What Is A Gastroscopy?
A gastroscopy (or upper-GI endoscopy) is a medical procedure where a doctor inserts a long, thin tube with a camera and light attached into a patient’s stomach through their mouth. This procedure allows the doctor to visualise the inside of the upper gastrointestinal tract, which includes the oesophagus, stomach, and duodenum.
The procedure is performed under general anaesthesia, meaning the patient is asleep during the process, and the entire procedure usually takes less than 30 minutes. Gastroscopies are often used to diagnose stomach ulcers, bleeding, and inflammation. It can also be used to biopsy or take a small tissue sample for further testing.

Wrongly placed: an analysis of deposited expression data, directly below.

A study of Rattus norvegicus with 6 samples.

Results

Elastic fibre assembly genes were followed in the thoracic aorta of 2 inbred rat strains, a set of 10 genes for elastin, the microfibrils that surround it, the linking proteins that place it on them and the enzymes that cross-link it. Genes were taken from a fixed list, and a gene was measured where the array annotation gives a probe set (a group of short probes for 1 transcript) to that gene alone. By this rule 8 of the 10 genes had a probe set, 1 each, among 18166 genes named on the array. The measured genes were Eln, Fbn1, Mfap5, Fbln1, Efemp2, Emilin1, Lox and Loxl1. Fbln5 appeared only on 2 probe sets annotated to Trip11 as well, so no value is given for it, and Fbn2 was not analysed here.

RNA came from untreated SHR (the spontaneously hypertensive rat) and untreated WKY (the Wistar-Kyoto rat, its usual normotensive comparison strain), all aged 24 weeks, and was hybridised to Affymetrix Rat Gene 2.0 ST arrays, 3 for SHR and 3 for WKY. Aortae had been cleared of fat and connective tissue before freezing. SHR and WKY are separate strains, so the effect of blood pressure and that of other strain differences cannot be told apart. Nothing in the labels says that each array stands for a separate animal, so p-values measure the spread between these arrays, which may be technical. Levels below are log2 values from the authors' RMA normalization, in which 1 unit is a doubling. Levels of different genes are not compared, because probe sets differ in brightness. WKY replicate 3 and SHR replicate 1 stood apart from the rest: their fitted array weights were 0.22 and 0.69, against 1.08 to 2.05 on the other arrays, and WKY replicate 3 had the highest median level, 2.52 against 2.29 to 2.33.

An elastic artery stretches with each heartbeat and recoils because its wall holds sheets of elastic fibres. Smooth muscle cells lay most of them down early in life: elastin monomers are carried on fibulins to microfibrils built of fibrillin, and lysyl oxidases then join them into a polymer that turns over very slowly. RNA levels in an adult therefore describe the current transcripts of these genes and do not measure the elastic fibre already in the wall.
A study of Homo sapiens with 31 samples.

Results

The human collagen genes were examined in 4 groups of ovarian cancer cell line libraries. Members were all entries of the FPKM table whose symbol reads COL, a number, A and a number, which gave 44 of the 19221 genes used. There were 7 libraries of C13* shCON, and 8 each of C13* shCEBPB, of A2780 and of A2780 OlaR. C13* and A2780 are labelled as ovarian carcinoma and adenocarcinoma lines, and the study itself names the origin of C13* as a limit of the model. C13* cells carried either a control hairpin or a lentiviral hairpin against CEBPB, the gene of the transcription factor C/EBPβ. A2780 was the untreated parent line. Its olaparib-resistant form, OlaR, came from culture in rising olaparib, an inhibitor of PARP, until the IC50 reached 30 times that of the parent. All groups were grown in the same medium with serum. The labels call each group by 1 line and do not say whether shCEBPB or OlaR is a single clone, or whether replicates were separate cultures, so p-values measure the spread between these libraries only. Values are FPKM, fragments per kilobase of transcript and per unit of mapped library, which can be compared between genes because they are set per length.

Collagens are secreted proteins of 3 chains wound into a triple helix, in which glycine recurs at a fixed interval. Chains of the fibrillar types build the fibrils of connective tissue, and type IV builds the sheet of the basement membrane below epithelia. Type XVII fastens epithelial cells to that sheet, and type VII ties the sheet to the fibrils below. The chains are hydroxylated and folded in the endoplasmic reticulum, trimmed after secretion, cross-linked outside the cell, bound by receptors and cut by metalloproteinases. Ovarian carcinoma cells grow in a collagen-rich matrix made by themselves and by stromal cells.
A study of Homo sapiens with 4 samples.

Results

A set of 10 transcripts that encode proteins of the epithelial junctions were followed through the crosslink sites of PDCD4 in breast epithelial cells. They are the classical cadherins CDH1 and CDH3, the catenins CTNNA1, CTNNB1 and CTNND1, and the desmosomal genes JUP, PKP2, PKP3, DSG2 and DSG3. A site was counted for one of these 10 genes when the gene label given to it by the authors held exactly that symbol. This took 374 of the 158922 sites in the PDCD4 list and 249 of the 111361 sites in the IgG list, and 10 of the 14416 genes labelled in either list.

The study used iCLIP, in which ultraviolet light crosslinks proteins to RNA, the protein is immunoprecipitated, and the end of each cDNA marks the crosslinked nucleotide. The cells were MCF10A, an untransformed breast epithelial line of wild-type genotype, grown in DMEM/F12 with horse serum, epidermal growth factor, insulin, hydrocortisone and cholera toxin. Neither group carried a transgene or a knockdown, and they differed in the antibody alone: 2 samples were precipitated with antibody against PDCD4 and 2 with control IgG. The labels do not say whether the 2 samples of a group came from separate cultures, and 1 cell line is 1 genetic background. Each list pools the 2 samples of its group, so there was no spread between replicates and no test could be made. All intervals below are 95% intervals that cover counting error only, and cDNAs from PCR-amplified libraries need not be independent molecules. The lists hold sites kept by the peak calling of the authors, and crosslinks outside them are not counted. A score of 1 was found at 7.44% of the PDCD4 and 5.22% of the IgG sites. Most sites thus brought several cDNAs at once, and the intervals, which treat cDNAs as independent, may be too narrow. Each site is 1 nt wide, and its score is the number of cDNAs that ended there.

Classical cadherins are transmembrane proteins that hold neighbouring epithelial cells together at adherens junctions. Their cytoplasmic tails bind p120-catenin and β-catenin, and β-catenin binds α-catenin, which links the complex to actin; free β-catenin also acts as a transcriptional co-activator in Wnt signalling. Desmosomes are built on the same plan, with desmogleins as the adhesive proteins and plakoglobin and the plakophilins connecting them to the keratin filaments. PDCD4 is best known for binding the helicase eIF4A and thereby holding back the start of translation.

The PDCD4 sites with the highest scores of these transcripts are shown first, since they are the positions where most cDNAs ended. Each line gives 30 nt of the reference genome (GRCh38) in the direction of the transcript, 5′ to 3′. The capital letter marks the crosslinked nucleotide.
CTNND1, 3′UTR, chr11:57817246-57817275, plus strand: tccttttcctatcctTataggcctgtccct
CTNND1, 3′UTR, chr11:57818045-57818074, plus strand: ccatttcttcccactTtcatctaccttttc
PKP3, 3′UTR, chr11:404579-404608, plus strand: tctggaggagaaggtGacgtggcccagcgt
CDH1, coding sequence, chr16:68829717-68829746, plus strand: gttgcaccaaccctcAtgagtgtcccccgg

While generally safe, there is a small risk of bleeding, infection, and perforation of the stomach wall during the process, although such occurrences are rare.
Recovery from a gastroscopy is also usually quick, and most patients can go home the same day.
What Conditions Is A Gastroscopy Used To Treat?
A gastroscopy can be used to both diagnose and treat a variety of conditions. The procedure can be used to investigate gastrointestinal bleeding, as well as ulcers and tumours. They may also be used to remove foreign objects from the stomach or take biopsies (tissue samples) for further testing.
In some cases, the procedure may be performed in order to insert a feeding tube or place a stent.
By conducting a gastroscopy, you will obtain valuable information about the health of the stomach, oesophagus and duodenum.